Politicians sacrifice a lot to live in the White House, but once they get in, most are eager to find a way out of the bubble.
CBS News' senior White House correspondent Bill Plante was out in Washington, D.C., when he saw a big crowd coming towards him. The secret service was motioning the crowd aside, Plante said, as President Obama was walking outside with a cup of tea in hand.
Plante has covered five presidents, but he said he had never seen anything like this.
"I don't get a chance to take walks very often," President Obama said last month. "Secret Service gets a little stressed. But every once in a while I'm able to sneak off. I'm sort of like the circus bear that kind of breaks the chain."
Chief of Staff Denis McDonough suggested an afternoon coffee break, and without telling the press or most of the staff, the commander-in-chief walked a block and half to a nearby Starbucks, telling a staffer on the way out, "the bear is loose again."
Three weeks ago, he surprised tourists on the National Mall, choosing to walk rather than ride to a meeting at the interior department.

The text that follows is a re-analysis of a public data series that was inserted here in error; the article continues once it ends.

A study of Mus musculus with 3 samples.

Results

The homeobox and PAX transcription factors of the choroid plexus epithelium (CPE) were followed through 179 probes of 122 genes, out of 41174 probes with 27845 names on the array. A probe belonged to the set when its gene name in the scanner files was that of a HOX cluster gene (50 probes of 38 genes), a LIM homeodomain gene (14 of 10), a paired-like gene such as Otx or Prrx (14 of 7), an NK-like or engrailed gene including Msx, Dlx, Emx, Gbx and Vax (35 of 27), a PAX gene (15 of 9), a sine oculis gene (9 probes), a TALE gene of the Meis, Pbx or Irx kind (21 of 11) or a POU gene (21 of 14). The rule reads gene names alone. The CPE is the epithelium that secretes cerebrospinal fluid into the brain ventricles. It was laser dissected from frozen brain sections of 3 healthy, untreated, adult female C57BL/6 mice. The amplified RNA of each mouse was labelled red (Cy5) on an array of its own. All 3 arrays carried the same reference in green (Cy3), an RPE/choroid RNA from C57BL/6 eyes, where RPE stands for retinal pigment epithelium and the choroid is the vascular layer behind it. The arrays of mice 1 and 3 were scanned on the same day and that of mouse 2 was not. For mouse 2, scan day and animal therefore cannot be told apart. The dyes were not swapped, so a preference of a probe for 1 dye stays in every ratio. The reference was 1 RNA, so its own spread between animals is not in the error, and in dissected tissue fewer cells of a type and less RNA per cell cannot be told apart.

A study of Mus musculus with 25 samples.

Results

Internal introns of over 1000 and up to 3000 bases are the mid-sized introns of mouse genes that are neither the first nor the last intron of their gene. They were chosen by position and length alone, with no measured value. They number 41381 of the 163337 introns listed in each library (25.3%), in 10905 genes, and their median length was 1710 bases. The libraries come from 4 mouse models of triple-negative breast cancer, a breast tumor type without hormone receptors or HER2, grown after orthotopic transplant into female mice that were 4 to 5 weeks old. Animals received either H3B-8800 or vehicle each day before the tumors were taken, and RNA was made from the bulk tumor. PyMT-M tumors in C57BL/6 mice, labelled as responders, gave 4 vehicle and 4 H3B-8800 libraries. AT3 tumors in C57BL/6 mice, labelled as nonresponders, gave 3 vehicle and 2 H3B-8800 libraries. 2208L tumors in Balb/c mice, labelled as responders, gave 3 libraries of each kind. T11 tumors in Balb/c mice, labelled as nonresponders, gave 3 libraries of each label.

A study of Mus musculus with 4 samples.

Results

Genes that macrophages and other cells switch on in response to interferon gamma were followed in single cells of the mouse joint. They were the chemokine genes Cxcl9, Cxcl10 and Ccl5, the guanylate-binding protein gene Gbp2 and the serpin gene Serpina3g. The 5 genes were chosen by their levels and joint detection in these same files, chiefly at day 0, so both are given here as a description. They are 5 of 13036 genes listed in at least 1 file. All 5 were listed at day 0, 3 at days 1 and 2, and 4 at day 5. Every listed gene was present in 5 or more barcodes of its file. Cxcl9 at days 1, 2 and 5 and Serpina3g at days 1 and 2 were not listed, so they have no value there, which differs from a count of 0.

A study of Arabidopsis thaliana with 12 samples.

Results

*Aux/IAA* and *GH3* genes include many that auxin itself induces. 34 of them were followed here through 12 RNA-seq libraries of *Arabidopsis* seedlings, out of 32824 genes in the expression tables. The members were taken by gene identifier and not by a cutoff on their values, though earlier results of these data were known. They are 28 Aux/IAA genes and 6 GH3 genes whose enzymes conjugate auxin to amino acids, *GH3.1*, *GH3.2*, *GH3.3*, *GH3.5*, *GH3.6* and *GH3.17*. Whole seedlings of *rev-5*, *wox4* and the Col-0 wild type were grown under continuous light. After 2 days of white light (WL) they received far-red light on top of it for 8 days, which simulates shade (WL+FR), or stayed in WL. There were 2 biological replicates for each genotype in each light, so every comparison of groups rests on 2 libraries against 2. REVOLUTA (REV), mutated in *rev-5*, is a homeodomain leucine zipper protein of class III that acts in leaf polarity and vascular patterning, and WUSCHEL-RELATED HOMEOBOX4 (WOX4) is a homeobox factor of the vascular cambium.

A Washington, D.C., little league team wasn't expecting the president either even though its roster included former White House Press Secretary Jay Carney's daughter.
The president made a surprise visit on his way to a recent fundraiser to take pictures and toss the ball around.
This president is hardly the first to get White House cabin fever.
Harry Truman went out for a long walk most mornings, at a faster clip than the reporters who trudged along. Dwight Eisenhower, like most recent presidents, fled the White House for the golf course whenever he could. Ronald Reagan slipped away at least once, and complained after less than a year in office that the White House was like a gilded cage.
"I sometimes look out the window at Pennsylvania Avenue and wonder what it would be like to be able to just walk down the street to the corner drugstore and look at the magazines. I can't do that anymore," Reagan said in a CBS Radio interview.
Early in his presidency, Bill Clinton went for frequent morning jogs. His habit of stopping for fast food afterward even prompted a parody on Saturday Night Live.
After a while, all presidents feel confined and start looking for ways to shed the motorcade, security personnel and reporters that generally tag along. And occasionally that means keeping reporters at a distance.
"How's the coffee?" Plante asked Obama.
"Uhh...it's tea," Obama said.
The president's staff says there's no planned message in these impromptu outings, that he just likes to walk and talk, but they like the message they think it sends: regular guy.